The Parainfluenza virus 5 (PIV5) mutant P/V-CPI- is restricted for spread in normal cells but not in cancer cells in vitro and is effective at reducing tumor burden in mouse model systems. Here we show that P/V-CPI- infection of human laryngeal cancer HEp-2 cells resulted in the majority of the cells dying, but unexpectedly, a population of cells emerged as P/V-CPI- persistently infected (PI) cells. P/V-CPI- PI cells had elevated levels of basal caspase activation, and viability was highly dependent on activity of cellular inhibitors of apoptosis, such as Survivin. In challenge experiments with external inducers of apoptosis, the PI cells were highly sensitive to cisplatin-induced DNA damage and cell death. This increased cisplatin sensitivity correlated with defects in the phosphorylation cascade controlling DNA damage signaling pathways, as well as translocation of damage-specific DNA binding protein 1 (DDB1) to the nucleus. Similar sensitivity to cisplatin was seen with cells during acute infection with P/V-CPI-, as well as acute infections with WT PIV5. Based on this finding, we tested the hypothesis that histone deacetylase (HDAC) inhibitors would also act with P/V-CPI- infection to enhance cancer cell killing. Using human lung and laryngeal cancer cell lines, 10 HDAC inhibitors were tested for their effect on viability of P/V-CPI- infected cells. HDAC inhibitors such as scriptaid enhanced caspase-3/7, -8 and -9 activity induced by P/V-CPI- and overall cell toxicity. Scriptaid treatment also enhanced the spread of P/V-CPI- through a population of cancer cells and suppressed interferon-beta induction through blocking phosphorylation and nuclear translocation of Interferon Regulatory Factor 3 (IRF-3). These results support a therapeutic approach of combining parainfluenza infection and chemotherapy, but also raise questions on the mechanism by which a cytoplasmic-replicating RNA virus can alter cellular DNA damage responses.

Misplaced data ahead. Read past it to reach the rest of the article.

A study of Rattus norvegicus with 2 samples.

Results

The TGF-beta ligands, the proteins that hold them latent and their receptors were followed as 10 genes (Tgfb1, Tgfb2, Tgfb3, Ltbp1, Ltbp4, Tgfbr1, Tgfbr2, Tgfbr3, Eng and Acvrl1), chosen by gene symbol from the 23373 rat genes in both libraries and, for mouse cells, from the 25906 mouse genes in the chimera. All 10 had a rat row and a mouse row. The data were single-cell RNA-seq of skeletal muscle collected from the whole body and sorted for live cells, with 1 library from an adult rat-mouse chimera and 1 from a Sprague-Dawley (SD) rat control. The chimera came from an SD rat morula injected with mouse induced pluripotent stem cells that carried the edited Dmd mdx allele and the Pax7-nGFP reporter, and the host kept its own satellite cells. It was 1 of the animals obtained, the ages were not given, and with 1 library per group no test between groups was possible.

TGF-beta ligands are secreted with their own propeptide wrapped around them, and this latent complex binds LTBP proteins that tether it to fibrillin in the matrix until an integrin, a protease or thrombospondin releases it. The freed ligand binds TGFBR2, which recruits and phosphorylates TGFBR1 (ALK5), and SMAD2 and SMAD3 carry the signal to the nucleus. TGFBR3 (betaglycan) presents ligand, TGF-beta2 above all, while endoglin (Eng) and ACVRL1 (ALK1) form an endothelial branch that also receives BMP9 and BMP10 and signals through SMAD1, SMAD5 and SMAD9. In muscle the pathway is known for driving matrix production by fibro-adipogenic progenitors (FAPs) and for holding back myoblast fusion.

College of Medicine
Length of Campus-only Access
Doctoral Dissertation (Campus-only Access)
Fox, Candace, "A Cytoplasmic-Replicating RNA Virus Sensitizes Cancer Cells to DNA Modifying Agents" (2019). Electronic Theses and Dissertations. 6811.
Restricted to the UCF community until December 2024; it will then be open access.